DEAR ABBY: I have been married for 18 years. Two years ago, I met "Rita." She was "the girl of my dreams," and we moved in together. Our relationship was "unstoppable." My wife and I began divorce proceedings.
Three weeks ago, my doctor told me there was a good chance I had cancer. I needed more tests. I panicked and ran back to my wife and children. I wanted them to hear it from me. I told them I "might" get very sick from the disease and the treatment. I ended up going on a one-week vacation with my family. Rita said she understood I needed to be with them.
On the first day of vacation, I realized how much I missed Rita and decided to call her. There was no answer. When I called her the next day at her job, she said, "I have moved on," and hung up. I was shocked because she had always told me we were "soul mates and our love would never die." Now she won't give me the time of day and has threatened to notify the police if I keep calling.
Abby, the irony is -- I don't have cancer. It's four small cysts. At my suggestion, my wife agreed to e-mail Rita to tell her that I am not sick after all, and that she and I are not sleeping together. So far there has been no response from Rita.
Now I don't know what to do. I think Rita broke up with me not knowing all the facts. What do you think? -- HEALTHY AND UNHAPPY IN ONTARIO, CANADA
DEAR HEALTHY AND UNHAPPY: The "girl of your dreams" turned out to be a nightmare, and you have failed to recognize a blessing in disguise. Rita wasn't planning to be with you for the long haul. Instead of "for better or for worse, in sickness and in health," she planned on only "for better and in health." Thank heavens you found out before you invested anymore precious time in her.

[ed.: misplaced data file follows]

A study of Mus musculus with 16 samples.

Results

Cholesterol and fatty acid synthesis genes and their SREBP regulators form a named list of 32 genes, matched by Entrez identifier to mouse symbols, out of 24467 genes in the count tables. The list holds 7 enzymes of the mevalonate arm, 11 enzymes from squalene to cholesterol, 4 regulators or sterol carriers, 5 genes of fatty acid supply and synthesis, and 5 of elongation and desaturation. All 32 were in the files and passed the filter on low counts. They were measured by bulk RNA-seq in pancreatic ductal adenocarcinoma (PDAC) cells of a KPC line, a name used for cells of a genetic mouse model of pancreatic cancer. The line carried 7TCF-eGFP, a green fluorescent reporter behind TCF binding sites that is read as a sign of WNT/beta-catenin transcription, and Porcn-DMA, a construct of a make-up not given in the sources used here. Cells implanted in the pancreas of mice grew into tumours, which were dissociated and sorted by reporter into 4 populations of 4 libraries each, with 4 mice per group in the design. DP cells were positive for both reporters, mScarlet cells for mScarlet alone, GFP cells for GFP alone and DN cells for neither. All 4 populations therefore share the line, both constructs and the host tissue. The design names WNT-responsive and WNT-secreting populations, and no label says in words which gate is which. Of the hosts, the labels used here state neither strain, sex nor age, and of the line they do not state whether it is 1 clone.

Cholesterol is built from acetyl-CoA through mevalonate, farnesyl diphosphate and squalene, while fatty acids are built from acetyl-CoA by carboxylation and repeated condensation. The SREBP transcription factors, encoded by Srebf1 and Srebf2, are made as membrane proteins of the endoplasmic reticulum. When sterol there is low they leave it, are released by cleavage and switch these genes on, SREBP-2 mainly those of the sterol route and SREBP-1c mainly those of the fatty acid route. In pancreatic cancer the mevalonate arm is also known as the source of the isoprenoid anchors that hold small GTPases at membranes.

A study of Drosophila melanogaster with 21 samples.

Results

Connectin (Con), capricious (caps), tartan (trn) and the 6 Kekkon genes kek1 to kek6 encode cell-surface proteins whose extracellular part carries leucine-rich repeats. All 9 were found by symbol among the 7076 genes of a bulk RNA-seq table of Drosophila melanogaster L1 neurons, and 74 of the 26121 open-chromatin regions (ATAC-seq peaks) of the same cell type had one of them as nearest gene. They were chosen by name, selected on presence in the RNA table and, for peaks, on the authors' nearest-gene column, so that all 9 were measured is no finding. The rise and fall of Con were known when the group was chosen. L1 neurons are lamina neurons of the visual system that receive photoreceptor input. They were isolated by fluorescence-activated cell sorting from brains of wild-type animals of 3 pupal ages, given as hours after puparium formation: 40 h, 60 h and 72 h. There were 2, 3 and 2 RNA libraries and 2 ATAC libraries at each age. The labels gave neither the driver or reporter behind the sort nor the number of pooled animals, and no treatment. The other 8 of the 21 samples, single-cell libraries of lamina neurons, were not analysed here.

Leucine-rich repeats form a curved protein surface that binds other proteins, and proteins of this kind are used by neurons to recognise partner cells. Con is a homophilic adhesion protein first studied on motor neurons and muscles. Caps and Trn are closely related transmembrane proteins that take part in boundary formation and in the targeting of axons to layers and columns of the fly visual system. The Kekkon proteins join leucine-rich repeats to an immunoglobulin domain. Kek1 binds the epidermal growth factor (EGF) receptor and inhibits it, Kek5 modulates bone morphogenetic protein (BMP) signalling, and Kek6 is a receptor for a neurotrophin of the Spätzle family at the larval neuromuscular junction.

DEAR ABBY: We are fast approaching the first anniversary of Sept. 11, 2001. For those who experienced the death of a loved one, the anniversary of that unforgettable day will rekindle feelings of profound loss and pain.
AARP has a 28-year history of bereavement support, and since Sept. 11 has developed new grief and loss programs and resources that are available to anyone, not just AARP members.
AARP's Web site, www.griefandloss.org, offers extensive information, resources and support, including chat rooms and discussion boards, consumer tips, online journaling and information on support groups and their locations. AARP also provides a wide range of publications in English and Spanish designed to reach all bereaved adults.
Abby, we are also offering your readers a free brochure titled, "Understanding the Grief Process." This brochure provides an overview of grief and loss, its unique impact, and resources to assist individuals and their families in the grief process. Readers can order their free copy (Order No. D16832) by calling our toll-free number: (800) 424-3410.
Together, we can help bereaved adults begin rebuilding their lives. -- SUSAN KOVAC ECKRICH, DIRECTOR, AARP GRIEF AND LOSS PROGRAMS
DEAR SUSAN: Thank you for your timely letter. Although your programs are intended for friends and families of people who died as a result of last year's terrorist attacks, I am sure they will also be helpful to many others who are struggling with the emotions that accompany the loss of a loved one.
For everything you need to know about wedding planning, order "How to Have a Lovely Wedding." Send a business-sized, self-addressed envelope, plus check or money order for $5 (U.S. funds only) to: Dear Abby -- Wedding Booklet, P.O. Box 447, Mount Morris, IL 61054-0447. (Postage is included in the price.)